PIX Now - Morning Edition 6/7/24
PIX Now - Morning Edition 6/7/24 11:30

San Francisco elected officials got into an escalating war of words this week after the Board of Supervisors' Rules Committee rejected one of the mayor's choices for a police commissioner.

The mayor criticized the decision as being driven by politics instead of safety, leading to a rebuke from one lawmaker and support from others.

The nominee, Debra Walker, is a current member of the Police Commission who was first appointed by Mayor London Breed in 2022. The seven-member commission sets Police Department policy and conducts disciplinary hearings and related matters. Four are appointed by the mayor and approved by the Board of Supervisors, while three others are nominated by the Rules Committee.

Walker is an artist and former member of the San Francisco Arts Commission and Building Commission who has been involved in city politics for decades, including as president of the Harvey Milk LGBTQ Democratic Club.

In a statement on Wednesday, Breed criticized the two committee members who shot down the nomination, accusing them of "prioritizing obstruction and theater over a safer, stronger, more inclusive San Francisco."

"Debra does more than just engage with the community—she listens and she moves forward policies that make San Francisco a better place for all," Breed said.

"I'm calling on the Board of Supervisors to move past politics and division, and support Debra Walker to serve on the Police Commission. This is a pivotal time for public safety in San Francisco. We are seeing progress. We can't go backwards," she said.

Walker's nomination was rejected 2-0 by the rules committee, which had one member absent and another excused. Supervisors Ahsha Safai and Shamann Walton both voted against Walker's reappointment.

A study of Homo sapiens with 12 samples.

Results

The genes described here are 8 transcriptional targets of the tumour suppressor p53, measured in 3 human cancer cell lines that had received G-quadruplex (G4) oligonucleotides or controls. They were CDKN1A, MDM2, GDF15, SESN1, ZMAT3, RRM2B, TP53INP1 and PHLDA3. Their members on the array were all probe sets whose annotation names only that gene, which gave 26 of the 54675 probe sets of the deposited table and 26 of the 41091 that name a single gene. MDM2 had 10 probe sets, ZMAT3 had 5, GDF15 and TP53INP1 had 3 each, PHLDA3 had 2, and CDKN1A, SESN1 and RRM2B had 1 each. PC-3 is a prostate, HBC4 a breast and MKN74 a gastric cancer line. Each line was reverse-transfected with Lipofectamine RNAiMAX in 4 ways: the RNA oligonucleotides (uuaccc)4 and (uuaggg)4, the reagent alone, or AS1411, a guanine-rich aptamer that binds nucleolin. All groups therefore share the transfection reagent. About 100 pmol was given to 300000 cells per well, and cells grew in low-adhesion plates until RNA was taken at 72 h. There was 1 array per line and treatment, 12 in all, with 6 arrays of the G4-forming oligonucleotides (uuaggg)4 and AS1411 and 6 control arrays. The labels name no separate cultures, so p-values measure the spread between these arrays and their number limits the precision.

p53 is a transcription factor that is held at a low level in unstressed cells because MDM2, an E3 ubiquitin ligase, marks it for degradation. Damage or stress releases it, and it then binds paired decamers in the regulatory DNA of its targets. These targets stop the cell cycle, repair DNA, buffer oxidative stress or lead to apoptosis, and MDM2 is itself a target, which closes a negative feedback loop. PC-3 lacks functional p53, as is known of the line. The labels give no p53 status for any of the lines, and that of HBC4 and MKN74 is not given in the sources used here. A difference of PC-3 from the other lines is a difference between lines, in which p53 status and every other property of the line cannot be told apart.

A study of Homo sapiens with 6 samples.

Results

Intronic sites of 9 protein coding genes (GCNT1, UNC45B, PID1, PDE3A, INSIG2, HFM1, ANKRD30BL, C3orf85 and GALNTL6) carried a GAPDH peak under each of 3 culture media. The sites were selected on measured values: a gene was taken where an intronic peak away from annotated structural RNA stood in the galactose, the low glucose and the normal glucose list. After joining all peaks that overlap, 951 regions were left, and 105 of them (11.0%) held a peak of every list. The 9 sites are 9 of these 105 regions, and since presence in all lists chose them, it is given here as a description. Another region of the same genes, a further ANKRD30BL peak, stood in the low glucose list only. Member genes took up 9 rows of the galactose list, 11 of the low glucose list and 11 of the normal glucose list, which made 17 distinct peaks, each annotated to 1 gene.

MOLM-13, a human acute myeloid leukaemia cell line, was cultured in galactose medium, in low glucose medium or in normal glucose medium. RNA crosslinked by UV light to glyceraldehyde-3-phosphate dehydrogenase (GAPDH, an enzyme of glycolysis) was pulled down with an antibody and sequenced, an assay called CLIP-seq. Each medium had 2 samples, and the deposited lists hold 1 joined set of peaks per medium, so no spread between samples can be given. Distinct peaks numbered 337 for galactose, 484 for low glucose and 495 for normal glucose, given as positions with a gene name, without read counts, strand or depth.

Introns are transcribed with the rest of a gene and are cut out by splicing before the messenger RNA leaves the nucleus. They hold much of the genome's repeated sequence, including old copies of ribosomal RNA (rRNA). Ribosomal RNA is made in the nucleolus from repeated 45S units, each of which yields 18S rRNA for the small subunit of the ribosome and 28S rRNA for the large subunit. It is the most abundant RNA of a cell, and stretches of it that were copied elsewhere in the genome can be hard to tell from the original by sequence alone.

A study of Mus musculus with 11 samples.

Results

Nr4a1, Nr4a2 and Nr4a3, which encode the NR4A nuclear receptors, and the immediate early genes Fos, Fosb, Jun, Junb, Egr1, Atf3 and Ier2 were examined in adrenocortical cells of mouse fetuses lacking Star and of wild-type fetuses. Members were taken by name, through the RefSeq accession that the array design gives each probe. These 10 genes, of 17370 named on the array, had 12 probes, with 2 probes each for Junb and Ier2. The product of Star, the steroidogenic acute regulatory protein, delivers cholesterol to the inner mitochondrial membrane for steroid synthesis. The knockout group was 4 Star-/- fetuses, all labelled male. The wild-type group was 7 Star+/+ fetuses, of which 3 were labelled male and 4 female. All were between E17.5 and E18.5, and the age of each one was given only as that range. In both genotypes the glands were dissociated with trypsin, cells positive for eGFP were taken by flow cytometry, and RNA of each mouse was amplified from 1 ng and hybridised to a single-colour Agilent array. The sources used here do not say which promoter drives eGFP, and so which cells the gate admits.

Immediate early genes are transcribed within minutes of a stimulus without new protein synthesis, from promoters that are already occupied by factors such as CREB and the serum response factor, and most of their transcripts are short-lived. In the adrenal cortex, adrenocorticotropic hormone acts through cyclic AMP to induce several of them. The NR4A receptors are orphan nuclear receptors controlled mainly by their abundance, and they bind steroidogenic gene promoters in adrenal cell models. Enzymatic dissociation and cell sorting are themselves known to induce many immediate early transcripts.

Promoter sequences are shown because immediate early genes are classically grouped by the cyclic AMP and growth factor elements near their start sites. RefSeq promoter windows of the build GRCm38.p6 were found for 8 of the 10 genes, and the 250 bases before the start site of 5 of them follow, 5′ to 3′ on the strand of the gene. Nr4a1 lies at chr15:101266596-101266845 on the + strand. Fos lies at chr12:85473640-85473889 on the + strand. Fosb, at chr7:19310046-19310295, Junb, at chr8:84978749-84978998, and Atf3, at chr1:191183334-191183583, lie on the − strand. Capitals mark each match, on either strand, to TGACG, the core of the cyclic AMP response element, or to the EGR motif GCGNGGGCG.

Safai released a statement denouncing the mayor's response to the vote.

"Mayor Breed blasting the Board for not reappointing Debra Walker to the Police Commission is her usual petty politics," he said.

"I approached Ms. Walker's reappointment with an open mind, but the Rules Committee ultimately rejected her because she came to the meeting unprepared and demonstrated an unwillingness to perform her duties of overseeing the police department. Despite serving on the Police Commission for two years, she couldn't answer basic questions about its functions, policies, or goals," Safai said.

Walker did not respond to a request for comment.

Supervisors Matt Dorsey and Rafael Mandelman both spoke out on social media in support of Breed's statement and Walker's nomination.

"Thank you, @LondonBreed, for putting safety ahead of politics, and fighting for a reappointment that has my full support," Dorsey wrote. "Debra Walker is a respected LGBTQ+ leader and veteran public servant who deserved better than getting mansplained to about what a city commissioner's job is," he wrote.

Mandelman reposted Dorsey's comments saying he agreed.

Breed's other nominee, retired Alameda Superior Court Judge C. Don Clay was approved 2-0. The term runs through April 30, 2028.